DELPHINE CALAMARI was born in Bay Ridge, NY, the eldest daughter of Rocco and Vittoria Calamari. By age seven, she was assisting her grandmother cater every major event at the legendary Rigatoni Lodge of the Brooklyn Federation of Italian-American Societies.
Her love for meat began soon there after, and within a few years she was known throughout the borough as “that Italian girl that can tell you which butcher a sausage comes from with her eyes closed.” By the time Delphine was a young woman, it was widely believed that unless you served Delphine’s meatballs at your wedding reception, your marriage would be doomed and you would never conceive a son to carry on your family name.
In addition to cooking, Delphine has always been interested in the arts, singing countless duets with her sister, Carmela, at St. Lawrence of the Roasted Martyrs Church and Convent. Their nativity of cold meats and dairy was always a huge crowd pleaser at Christmastime.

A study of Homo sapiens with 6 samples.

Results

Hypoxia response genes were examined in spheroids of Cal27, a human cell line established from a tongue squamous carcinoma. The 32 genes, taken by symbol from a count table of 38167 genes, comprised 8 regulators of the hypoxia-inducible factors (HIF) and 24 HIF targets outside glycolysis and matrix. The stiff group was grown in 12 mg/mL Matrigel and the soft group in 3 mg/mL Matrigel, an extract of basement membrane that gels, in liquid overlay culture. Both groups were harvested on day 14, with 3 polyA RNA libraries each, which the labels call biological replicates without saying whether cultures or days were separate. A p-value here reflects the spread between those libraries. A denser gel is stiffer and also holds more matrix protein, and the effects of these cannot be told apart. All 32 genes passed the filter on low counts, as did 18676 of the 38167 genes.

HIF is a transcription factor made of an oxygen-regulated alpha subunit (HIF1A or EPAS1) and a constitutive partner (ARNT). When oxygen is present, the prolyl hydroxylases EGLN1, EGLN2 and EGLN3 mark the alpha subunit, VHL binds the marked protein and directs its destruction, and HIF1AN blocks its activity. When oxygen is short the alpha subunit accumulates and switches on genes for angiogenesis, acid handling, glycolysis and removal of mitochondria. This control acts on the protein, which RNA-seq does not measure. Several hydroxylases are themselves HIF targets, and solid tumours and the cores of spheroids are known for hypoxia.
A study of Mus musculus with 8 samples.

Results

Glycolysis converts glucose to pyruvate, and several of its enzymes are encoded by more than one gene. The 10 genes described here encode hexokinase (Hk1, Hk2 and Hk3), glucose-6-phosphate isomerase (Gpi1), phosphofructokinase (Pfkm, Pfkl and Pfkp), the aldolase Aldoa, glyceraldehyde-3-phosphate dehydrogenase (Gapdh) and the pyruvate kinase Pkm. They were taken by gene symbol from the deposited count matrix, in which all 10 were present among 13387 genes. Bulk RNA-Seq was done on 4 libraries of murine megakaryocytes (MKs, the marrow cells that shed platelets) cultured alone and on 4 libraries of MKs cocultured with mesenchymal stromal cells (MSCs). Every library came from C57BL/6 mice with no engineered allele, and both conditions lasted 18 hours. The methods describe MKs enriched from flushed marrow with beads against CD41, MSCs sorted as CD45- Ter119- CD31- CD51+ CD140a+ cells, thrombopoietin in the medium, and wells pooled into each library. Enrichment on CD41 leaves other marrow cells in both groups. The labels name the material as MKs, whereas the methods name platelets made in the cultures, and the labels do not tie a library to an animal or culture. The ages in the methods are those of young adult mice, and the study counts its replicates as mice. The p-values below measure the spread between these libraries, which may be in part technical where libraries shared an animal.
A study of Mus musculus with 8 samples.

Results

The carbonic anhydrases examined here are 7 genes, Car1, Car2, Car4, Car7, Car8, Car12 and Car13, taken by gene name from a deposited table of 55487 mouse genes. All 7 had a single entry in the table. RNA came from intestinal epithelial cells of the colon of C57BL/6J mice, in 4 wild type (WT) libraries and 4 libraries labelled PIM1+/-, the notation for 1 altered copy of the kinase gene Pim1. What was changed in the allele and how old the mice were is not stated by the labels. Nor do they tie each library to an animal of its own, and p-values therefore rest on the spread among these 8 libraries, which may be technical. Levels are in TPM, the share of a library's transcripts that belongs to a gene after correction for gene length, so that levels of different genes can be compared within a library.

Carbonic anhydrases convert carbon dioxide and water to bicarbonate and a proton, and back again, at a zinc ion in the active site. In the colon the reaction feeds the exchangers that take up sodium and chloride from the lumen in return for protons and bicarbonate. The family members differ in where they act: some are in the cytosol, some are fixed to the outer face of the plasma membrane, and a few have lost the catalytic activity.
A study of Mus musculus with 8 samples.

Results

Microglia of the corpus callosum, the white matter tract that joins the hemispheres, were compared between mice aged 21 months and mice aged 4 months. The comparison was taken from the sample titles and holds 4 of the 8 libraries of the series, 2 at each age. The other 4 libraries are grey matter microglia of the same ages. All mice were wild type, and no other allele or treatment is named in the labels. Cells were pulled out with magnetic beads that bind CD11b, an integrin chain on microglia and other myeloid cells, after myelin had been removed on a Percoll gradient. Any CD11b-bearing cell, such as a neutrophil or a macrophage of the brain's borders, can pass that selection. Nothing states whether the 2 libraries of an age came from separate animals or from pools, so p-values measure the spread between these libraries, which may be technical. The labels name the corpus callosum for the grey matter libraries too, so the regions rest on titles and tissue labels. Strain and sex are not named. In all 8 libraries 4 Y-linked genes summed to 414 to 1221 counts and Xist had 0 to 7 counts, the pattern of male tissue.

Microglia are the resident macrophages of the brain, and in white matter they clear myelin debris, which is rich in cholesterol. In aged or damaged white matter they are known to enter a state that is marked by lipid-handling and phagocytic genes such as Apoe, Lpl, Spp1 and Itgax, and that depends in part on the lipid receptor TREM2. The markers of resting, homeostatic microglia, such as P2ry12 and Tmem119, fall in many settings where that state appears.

Also, as a young girl, Delphine attended Miss FloFlo’s School of Dance for Bigger Girls, where she excelled until she was asked to leave due to an unfortunate fight with a fellow dancer, Tula Mercantelli, over a piece of Easter pie. Today, Tula is carrying her third illegitimate child by a third father, and it serves her right.
Undaunted, Delphine was Founder and President of the Pasta and Meat Club at St. Lady of the Divine Pain High School, as well as unofficial Cookie Maker for the Drama Club, where she also landed such roles as Nurse Flinn in “One Flew Over The Cuckoo’s Nest,” the Kit Kat Club Janitor in “Cabaret,” and Rusty Charlie in “Guys And Dolls.” Upon graduating, she was fired from several restaurant jobs for forcing patrons to eat after they were full.
Jobless, she teamed up with her sister, Carmela, and founded the borough-famous Calamari Sisters’ Catering Company. They soon became well-known for their song-and-dance-and-cooking routines, being hired by such notable public figures as Ed Koch, Hoda Kotb, and Nancy Harrigan.
Knowing that the next natural step for them was television, when the opportunity presented itself, they grabbed it. Four years ago, their Uncle JoJo accidentally went swimming without taking off his cement block, and left them a large inheritance, which they used to finance their public access cable TV show, MANGIA ITALIANO.
Delphine wishes to thank her family for all of their support (except her Aunt Viola, go to hell), especially Uncle Geno for being in the right place at the right time when this kitchen set fell off the back of that truck! Delphine sends much love to all of her fans, and invites them to mangia, MANGIA!